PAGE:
Ever since Canada won its bid for the world championships three years ago at the Plouay world’s, I have had the race in Hamilton in the back of my mind. To race the world’s on Canadian soil is more than a dream come true, and to race it an hour from where I grew up is more than I had ever imagined. The last weeks, since the Vuelta, I had been training with George Hincapie in South Carolina. For the most part I was taking it easy and trying to recover from the Vuelta and sleeping and relaxing as much as possible. I had no idea how I would be after the Vuelta as it was the first time I had


Ever since Canada won its bid for the world championships three years ago at the Plouay world’s, I have had the race in Hamilton in the back of my mind. To race the world’s on Canadian soil is more than a dream come true, and to race it an hour from where I grew up is more than I had ever imagined.

The last weeks, since the Vuelta, I had been training with George Hincapie in South Carolina. For the most part I was taking it easy and trying to recover from the Vuelta and sleeping and relaxing as much as possible. I had no idea how I would be after the Vuelta as it was the first time I had completed a three-week race.

When I arrived in Hamilton on Wednesday to watch Dede’s time trial, and celebrate her birthday, the atmosphere around the race was fantastic. I bumped into many faces I hadn’t seen in years, many people that helped me along as a child and junior, and it was good to chat with them.

I was a nervous wreck prior to Dede’s races. I knew she had the legs to do two fantastic rides and she did. I followed her in the team car during her time trial and had shaky hands and sweaty palms the whole time. It was great to see her give such a great effort. She had me motivated for the weekend.

Most of the races we do are in Europe, and although we get a lot of support from the spectators we are not the favorites. In Hamilton, the Canadians and Americans were the favorites and it made an incredible difference during the race. All the way up both climbs people were cheering for us, yelling our names. It was exciting and motivating. The crowds, the fans, the friends made me want to put on a good show for them.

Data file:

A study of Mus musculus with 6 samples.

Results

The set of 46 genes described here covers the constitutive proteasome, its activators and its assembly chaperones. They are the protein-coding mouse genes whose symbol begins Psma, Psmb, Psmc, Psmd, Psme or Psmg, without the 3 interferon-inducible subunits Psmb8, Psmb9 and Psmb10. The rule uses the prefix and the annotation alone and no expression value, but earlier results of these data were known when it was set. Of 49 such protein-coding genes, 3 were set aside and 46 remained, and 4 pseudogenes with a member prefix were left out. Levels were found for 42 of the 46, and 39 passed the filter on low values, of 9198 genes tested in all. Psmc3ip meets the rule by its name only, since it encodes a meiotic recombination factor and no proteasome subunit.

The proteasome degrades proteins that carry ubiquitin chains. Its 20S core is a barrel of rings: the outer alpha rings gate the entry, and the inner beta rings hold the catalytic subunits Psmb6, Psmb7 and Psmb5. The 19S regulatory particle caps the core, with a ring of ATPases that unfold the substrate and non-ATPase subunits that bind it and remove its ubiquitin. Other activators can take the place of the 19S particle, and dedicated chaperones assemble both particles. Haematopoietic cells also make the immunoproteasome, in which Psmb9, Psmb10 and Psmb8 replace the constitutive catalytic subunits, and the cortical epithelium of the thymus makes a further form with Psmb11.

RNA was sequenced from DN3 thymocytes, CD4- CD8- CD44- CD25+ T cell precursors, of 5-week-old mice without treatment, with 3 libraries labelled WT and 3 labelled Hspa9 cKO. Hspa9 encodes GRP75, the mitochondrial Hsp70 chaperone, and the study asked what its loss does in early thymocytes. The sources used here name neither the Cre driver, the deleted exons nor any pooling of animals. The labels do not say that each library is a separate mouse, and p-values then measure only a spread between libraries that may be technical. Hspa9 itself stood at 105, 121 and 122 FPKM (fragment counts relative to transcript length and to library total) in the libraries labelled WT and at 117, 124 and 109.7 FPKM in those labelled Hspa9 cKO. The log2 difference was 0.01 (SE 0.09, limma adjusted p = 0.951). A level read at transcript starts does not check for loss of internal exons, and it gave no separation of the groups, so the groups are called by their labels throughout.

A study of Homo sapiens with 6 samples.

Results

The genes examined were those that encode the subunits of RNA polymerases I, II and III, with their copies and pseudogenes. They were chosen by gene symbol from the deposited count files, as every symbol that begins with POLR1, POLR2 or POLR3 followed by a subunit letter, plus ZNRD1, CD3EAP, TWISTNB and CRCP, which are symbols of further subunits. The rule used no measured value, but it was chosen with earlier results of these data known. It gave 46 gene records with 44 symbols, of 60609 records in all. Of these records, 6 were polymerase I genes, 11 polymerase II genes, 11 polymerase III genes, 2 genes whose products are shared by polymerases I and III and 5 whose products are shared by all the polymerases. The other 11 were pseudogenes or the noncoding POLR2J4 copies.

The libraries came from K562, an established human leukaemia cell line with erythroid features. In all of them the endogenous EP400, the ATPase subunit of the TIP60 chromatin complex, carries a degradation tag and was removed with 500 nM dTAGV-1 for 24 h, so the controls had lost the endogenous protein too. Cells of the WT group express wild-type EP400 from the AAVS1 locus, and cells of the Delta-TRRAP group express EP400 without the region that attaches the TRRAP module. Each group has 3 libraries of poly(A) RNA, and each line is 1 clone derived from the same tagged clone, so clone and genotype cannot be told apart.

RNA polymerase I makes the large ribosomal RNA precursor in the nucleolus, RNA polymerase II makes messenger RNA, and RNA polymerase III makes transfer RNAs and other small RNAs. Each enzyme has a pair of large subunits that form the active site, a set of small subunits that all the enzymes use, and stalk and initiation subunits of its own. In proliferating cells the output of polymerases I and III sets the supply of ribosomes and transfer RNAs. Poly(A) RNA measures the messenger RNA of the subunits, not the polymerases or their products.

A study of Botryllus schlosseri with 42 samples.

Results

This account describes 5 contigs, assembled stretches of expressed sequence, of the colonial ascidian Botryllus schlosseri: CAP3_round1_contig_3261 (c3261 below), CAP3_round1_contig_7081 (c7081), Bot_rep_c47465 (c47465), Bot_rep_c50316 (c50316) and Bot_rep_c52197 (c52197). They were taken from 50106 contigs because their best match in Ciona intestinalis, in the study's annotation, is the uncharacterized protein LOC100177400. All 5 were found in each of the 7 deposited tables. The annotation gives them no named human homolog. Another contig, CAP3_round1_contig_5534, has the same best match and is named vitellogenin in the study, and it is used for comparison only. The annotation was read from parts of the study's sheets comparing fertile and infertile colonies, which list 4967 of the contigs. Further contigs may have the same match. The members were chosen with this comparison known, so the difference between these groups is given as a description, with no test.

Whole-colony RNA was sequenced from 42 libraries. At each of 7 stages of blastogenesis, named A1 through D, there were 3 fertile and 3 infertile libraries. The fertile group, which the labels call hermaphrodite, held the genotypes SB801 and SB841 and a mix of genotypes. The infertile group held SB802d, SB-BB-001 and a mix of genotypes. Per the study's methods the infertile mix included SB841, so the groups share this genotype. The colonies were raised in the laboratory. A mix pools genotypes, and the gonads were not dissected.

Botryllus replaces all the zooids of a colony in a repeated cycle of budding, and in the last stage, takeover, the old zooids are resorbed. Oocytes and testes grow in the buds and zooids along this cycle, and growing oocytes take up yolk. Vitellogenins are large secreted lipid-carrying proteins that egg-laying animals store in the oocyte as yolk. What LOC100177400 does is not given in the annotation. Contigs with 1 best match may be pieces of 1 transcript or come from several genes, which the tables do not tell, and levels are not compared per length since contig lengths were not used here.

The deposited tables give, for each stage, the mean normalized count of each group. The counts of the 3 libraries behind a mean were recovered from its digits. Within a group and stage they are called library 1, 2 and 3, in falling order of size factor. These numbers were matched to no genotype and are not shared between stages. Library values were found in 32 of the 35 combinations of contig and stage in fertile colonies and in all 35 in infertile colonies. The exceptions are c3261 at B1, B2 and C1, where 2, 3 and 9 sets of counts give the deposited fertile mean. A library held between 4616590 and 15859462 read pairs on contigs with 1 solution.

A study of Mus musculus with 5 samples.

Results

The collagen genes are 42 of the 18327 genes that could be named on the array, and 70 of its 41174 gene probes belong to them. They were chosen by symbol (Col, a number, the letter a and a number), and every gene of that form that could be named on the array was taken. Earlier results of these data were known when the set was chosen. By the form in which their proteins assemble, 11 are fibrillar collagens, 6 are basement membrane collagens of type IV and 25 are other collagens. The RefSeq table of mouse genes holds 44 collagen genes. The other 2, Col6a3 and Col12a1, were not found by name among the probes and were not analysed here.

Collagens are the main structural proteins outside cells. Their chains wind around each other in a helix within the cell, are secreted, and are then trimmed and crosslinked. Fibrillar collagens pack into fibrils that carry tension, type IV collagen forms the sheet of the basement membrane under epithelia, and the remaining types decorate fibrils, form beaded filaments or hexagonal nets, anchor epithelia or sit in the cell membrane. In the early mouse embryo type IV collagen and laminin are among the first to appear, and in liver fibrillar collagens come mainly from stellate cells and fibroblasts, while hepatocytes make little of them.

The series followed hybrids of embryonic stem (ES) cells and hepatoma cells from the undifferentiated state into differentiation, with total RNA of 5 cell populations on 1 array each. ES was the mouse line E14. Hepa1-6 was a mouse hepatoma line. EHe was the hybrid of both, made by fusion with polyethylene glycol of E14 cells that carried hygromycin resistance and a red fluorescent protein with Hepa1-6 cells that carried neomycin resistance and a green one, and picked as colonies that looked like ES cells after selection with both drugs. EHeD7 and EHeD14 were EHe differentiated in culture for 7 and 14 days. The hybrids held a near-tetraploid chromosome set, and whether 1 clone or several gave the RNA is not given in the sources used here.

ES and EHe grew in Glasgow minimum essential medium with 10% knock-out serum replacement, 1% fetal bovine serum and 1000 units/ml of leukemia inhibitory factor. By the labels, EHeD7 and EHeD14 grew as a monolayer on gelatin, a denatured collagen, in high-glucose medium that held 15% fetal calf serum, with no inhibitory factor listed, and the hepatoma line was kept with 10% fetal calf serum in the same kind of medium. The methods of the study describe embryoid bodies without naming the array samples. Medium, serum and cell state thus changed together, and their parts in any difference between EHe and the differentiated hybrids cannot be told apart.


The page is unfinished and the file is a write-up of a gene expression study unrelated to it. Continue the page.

Time for my race
We knew the race would be attricious and hard. I think that perhaps the course was almost too hard as the peloton approached the race cautiously. The first laps were slow and steady with few attacks. Everybody seemed scared to light the race up on the tough circuit for fear they would lose too much energy. In Lisbon two years ago the race was approached in the same manner and a group of thirty came to the line for the win.

From the start the Italians and Spanish were present on the front and kept the race under control. Both had riders that were the favorites for the final-Bettini and Freire. They could sit on the attacks and race conservatively until the final laps.

As we rolled around the course I scanned the crowd and saw many faces I had raced with as a kid. The crowd was large and very red and white with Canadian flags. In Canadian spirit flags were held high in the air with hockey sticks and hockey chants echoed from the roadside.

I was feeling snappy on the bike, my feet were able to push the pedals without much pain in my legs. It was a good feeling to have in one of the biggest events in my career. I didn’t know how the race would play out. Whitey came up to me during the race and told me to stay out of the wind, follow the right wheels and hit it when it counted in the final. He was right, so I tempered my efforts on the climbs and rode as conservatively as possible.

The world championships are always ridden in a similar pattern with the race starting off slowly and then increasing in speed throughout the 260 km. The racing always starts to unfold in the final hour, the final few laps, in the last 60 km. This is when the team leaders hit the wind and race for the jersey. My legs began to feel the pain of the race with two laps to go. Twitches started in my legs-not a good sign. But, I figured that I could hold on for twenty more kilometers. The crowd was carrying me up the hills and the pains disappeared.

With one lap to go a small group with all the hitters jumped away on the climb. There were six of them seconds off the front of the bunch. I had one shell to fire, one effort left so, as we hit the last climb I figured I would give it a nudge and try to jump across to the group.

I went, got a gap and continued until I reached their wheels. We were cresting the climb and as I arrived the group sat up and looked around. I went again, all or nothing, but was caught as we hit the descent.

After the race we drove back to Toronto with a few donuts on my lap: A maple glaze for the day’s efforts. It was an awesome day and more than I had dreamed. As I child I would ride my bike through the parks and dream that I was at Worlds in Europe fighting for the win. Last weekend I was able to do it on home soil. The crowd truly did carry me with their ebullient energy.